Interview with Professor Tuong Vu on the Vietnamese Communist Party: War Legacies and Future Prospects
Ninety-four years ago, on Feb. 3, 1930, the Vietnamese Communist Party (VCP) was founded. The party took Vietnam into three
The Head of the Vietnamese Communist Party’s Central Propaganda Committee – Vo Van Thuong – declared, during his concluding remarks at the committee’s year-end congress on December 29, 2018, that “the internet (in Vietnam) has become a new battlefield” for the Party in the fields of politics, thoughts, and culture.
A day earlier, Thuong also made another remark at a different congress held explicitly by and for the press, telling journalists in the country to overcome having “vague political thoughts” as news reporters, especially when it comes to posting on social media.
For non-Vietnamese, Mr. Thuong’s position seems to be quite intrigued and puzzling. Why would he get invited to speak to the journalists in the country at their year-end congress? What does his message to the media representatives even mean?
On the other hand, for some over 800 editors-in-chief of all newspapers in Vietnam, however, Mr. Thuong’s words equate to an ultimatum as he is the chief of all of them. They would write as his committee directs, and take down those articles when the same committee disapproves.
The Central Propaganda Committee is part of the VCP’s cord internal structure, with a mission to establish “direction for political thoughts in the field propaganda, news media, publishing, arts, and culture” for the Party. In reality, this committee’s job is not only to control the political thinking and shape the ideology of the four million VCP members but also the society in Vietnam as a whole.
Its job is so essential for the survival of an authoritarian regime which is to ensure that there would only be one political doctrine for every single citizen to follow: communism. Anyone dares to propose other ideas for a different political philosophy, in many cases, face prosecution and long jail time. Any sign of dissent would be deemed as not accepting the ultimate leadership of the VCP in the country, and is a criminal act.
However, for more than a decade, the VCP has failed to take control of the internet and social media in Vietnam. As the result, the people indeed took such opportunity to create a vibrant online civic space where they openly criticized officials, exposed wrongdoings, and even organized themselves.
While the government repeatedly applied draconian and vague penal codes to arrest and imprison dissidents and activists for “propagandizing against the State” and “abusing democratic freedoms”, social media – especially Facebook and Youtube – continues to play a vital role in disseminating information which the VCP may disapprove of, such as reporting on human rights abuses and calling for democratization in the country.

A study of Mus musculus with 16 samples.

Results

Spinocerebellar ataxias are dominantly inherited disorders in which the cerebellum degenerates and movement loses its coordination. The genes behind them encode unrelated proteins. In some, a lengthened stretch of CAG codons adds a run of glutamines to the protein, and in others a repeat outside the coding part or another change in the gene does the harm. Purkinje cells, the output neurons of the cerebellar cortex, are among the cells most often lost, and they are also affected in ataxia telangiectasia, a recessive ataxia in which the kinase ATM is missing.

The new cybersecurity law of 2018 is the latest attempt from the government to practice absolute control over the internet in Vietnam. It is then not a surprise for us to hear strong and determining words from the Head of the Central Propaganda Committee, declaring war on bloggers and freelancers on social media.
However, in the first few days of the year since the cybersecurity law took effect, the discussions on social media in Vietnam remain active and critical of the government.
The most recent “battle” between Vietnamese netizens and Mr. Thuong’s Central Propaganda Committee happened last week, concerning the news that the VCP’s Politburo has approved more money to fund the development project for a metro system in Ho Chi Minh City.
On January 4, 2019, most of the major newspapers in Vietnam published one same article online, stating that the Politburo has approved more than 50 billion VND for the construction of two metro lines in Ho Chi Minh City. Immediately, prominent bloggers and dissidents on social media like attorney Le Cong Dinh, questioned the legality of that decision.
In Vietnam, the power to approve funding of similar projects supposedly belongs to the most powerful governmental body – the National Assembly. However, in reality, the Politburo would be the ultimate decision maker.
In April 2018, when the people of Vietnam questioned the National Assembly’s reasons to pass the Special Economic Zone draft bill, the Chairwoman responded: “the Politburo has already decided, and the draft bill is not unconstitutional. We have to discuss and come up with the bill.”
Nevertheless, this time, the Politburo seems to have to forego a “battle” on social media. By the end of the day, all of the articles about the funding of the metro project were taken down, probably at the order of the Central Propaganda Committee.
 Le Cong Dinh was tried together with Tran Huynh Duy Thuc for subversion against the state in January 2010 where he was sentenced to five years imprisonment and three more years under house arrest.